Teaching Sports Economics

I have designed this page to help future instructors utilize sports examples in their classroom or for future sports economics instructors to design syllabi. If you have any suggestions or find any mistakes, please feel free to e-mail me. The following sections are organized in the way I teach my sports economics course at WSU. I would like to thank my previous sports economics courses for finding a lot of the material listed below.

Supply and demand rule all areas of industry, and are especially important in sports.  Click below to see examples of supply and demand factors in the sports industry.  

Firms use creative tactics, particularly price discrimination to increase their revenue. If firms opt for advertising, they must choose a level of advertising that maximizies expected profit.

Expansion & Relocation

Leagues operate as monopolies of their professional sport, and as such, have a interest managing the number of teams participating in the league.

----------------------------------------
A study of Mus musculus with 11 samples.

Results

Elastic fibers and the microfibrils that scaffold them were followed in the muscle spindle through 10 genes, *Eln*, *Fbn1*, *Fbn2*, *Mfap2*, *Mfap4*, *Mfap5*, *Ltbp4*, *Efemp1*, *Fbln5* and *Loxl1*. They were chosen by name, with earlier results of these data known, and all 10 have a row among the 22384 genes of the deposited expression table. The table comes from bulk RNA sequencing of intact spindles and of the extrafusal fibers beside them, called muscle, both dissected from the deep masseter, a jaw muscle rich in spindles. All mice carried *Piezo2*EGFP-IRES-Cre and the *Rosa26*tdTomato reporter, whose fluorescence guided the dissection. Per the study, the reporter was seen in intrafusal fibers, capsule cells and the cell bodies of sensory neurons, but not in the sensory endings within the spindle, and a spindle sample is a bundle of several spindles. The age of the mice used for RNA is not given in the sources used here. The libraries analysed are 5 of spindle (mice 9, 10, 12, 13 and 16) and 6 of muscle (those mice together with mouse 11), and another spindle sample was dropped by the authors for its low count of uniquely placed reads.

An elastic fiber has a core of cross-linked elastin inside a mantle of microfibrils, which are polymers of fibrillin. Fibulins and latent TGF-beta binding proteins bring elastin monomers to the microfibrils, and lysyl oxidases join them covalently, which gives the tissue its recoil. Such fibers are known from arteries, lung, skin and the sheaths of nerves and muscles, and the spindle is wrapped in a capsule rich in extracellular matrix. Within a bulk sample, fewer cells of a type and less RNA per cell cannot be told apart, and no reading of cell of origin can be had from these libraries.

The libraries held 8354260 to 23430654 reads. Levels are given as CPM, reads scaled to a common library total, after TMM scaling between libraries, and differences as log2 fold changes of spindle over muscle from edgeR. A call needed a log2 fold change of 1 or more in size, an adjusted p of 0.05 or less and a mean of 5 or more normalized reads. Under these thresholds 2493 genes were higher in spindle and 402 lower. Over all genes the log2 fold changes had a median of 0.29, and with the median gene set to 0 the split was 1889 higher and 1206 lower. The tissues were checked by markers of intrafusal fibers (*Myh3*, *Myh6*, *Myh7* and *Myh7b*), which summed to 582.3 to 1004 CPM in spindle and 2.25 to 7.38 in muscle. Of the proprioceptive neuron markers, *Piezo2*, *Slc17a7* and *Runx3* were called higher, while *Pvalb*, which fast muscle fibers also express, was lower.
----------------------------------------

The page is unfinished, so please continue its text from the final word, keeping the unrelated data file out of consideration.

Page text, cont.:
Traditional demand theory applies to college sports in a similar method as professional sports, but the set-up of college sports allows for a unique discussion on industry design.


When players are paid differently, but it can't be explained by marginal revenue product theory; discrimination may be at hand. Discrimination from fans can last persist in the long run.

Labor Relations

Players and teams participate in collective bargaining as separate unions to negotiatep player benefits. 



Cheating in Sports

Cheatin in sports spans across professional levels and is the highlight of most college sporting news. Scandals involving drugs and illegal payments stem from misbalance in MRP.


League Structure

There are a set of actions that cannot be performed by individual owners, which make leagues necessary for the industry. Otherwise, owners opt to join leagues for profit motivation.

Rival Leagues

The long term expectation is that only one league will remain, but rival leagues appear to fill voids left by leagues. The introduction of these rival leagues often result in increased player salaries 

How Players/Coaches Are Paid

Using marginal revenue product theory, players and coaches can be valued numerically. It is important to understand why players don't earn their MRP.

Government Spending

One of the most controversial topics in sports economics involves government subsidies for stadiums. Most benefits are hard to define, which makes cost-benefit analysis difficult.

Rookie Drafts

 Owners and leagues institute drafts to allow small markets the opportunity to secure talent following an unnsuccessful season.


Books & Miscellaneous

There are numerous popular press books and iTunes courses that cover a broad set of sports economics topics that cannot be placed in one of the above categories.